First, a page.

On the flight to Natal I started thinking about the process of handling the sequencing data files we will (hopefully!) be generating on this trip. There’s something about starting new projects that gives you the incentive to avoid all the problems of the last one, isn’t there?

And given that I’m about as useful in the lab as a chocolate teapot it’s also a chance to write some scripts that will be useful for the folks running the sequencing.

One thing I’ve been meaning to do for literally two years now is to add a function to poretools that helps organise the files that come off MinKNOW during a sequencing run. Even a short Zika sequencing run on R9 can generate 100k-500k reads as our amplicon scheme is quite short.

Managing these files has traditionally been quite tedious: by default the software dumps everything indiscriminately into c:\data\reads. This means if you start a couple of runs without clearing the folder in-between you end up with a huge directory of files from different runs.

This is a real pain and is also potentially a problem if you don’t realise this has happened - you could potentially analyse a mixture of runs by mistake with disastrous consequences.

Enter poretools organise.

This simple poretools command takes a directory of FAST5 files (it is intended to operate on prebasecalled files, but it would work on post-basecalled files too).

For each file it will strip out important metadata:

  • hostname - the name of the laptop or PC that processed this read
  • asic_id - the ASIC ID on the flowcell being used
  • run_id - the randomly generated run ID that gets made each time MinKNOW is started
  • exp_start_time and start_time - the start time of the run and the time of the read

From this information it will make a new file path for the read in the format:


And either copy or move the file depending on if you specify the --copy argument.

So, an intended usage would be:

poretools c:\data\reads c:\tidydir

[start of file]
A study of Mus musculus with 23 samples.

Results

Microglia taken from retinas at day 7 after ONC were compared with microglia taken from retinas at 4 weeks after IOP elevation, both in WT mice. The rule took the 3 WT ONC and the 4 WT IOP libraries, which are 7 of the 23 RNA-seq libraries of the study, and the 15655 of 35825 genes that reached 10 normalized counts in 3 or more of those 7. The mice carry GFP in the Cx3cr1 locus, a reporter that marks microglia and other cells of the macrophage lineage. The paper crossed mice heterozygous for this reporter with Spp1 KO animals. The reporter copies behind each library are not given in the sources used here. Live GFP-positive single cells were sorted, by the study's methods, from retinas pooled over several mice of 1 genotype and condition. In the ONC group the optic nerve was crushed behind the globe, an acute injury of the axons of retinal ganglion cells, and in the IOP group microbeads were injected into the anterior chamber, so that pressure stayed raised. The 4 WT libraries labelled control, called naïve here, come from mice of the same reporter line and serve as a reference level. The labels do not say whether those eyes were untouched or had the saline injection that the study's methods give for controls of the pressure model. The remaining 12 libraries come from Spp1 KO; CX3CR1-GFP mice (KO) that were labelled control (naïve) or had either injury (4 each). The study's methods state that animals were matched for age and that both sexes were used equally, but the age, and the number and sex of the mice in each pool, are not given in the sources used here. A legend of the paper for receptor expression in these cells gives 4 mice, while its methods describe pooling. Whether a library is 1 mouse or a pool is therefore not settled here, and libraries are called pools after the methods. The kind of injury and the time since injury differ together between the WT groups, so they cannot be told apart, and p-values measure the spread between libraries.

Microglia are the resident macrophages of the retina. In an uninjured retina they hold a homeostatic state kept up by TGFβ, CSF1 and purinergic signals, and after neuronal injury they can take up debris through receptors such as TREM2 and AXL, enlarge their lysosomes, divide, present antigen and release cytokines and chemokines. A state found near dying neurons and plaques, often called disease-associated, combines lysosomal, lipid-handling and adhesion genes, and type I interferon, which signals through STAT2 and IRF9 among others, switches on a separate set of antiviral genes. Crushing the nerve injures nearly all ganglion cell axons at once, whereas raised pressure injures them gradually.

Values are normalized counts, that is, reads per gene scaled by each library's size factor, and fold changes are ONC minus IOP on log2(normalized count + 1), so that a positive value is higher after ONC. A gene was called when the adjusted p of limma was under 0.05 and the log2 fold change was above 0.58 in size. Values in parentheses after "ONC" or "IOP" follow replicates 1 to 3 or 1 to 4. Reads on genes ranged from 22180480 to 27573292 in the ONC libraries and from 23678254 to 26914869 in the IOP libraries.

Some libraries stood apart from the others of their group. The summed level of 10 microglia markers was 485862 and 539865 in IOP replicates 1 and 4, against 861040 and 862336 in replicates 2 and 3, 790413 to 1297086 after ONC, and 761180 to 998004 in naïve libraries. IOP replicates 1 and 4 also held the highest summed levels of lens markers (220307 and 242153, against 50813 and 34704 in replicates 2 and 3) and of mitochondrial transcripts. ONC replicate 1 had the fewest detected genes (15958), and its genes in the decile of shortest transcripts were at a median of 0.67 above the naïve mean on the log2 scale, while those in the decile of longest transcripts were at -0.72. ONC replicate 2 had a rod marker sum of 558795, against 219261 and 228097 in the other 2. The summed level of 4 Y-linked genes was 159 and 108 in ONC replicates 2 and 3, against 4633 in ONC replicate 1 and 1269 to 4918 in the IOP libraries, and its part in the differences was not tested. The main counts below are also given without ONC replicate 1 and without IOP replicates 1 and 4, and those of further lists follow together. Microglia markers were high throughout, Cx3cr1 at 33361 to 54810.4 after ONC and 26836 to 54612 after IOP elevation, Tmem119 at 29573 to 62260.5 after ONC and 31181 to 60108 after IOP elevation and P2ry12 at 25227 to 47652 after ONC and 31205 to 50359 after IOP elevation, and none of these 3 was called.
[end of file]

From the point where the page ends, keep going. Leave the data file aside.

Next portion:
A word of warning on the ASIC ID: although the reads written by MinKNOW have a placeholder for flowcell_id, this field I think is always null. The ASIC ID can be used as a proxy for the flowcell_id, but with a caveat– flowcells get recycled > via ONT, so there is a non-zero chance that you could see the same asic_id twice on different shipments of flowcells!

A frustrating finding is that I cannot see an easy way of getting the actual user-supplied sample information from the FAST5 files other than through parsing of the filename, which I wanted to avoid. This does mean that the directory names are quite ugly and unintuitive right now.

Matt Loose mentioned on Twitter that in fact you can get this information from reads generated by the latets version of MinKNOW in the context_tags attribute. I’ve updated the script to use this!

When I get a bit more time the next feature to add would be to automatically tar the run up by hour (or configurable length) chunks.

It would also be nice to make the format of the directory names configurable.

Then the plan would be to rsync these folders to a backup hard drive and online. rsync will likely perform better with larger file chunks.

poretools organise is in the master branch of the Github repository but not yet in an official release.

As always thanks to Aaron Quinlan for being the brains behind poretools and for tidying up any messes I leave behind!

And of course, pull requests always welcome, particularly if folks can think of a way of prettying up that directory tree from the information contained in the FAST5 metadata.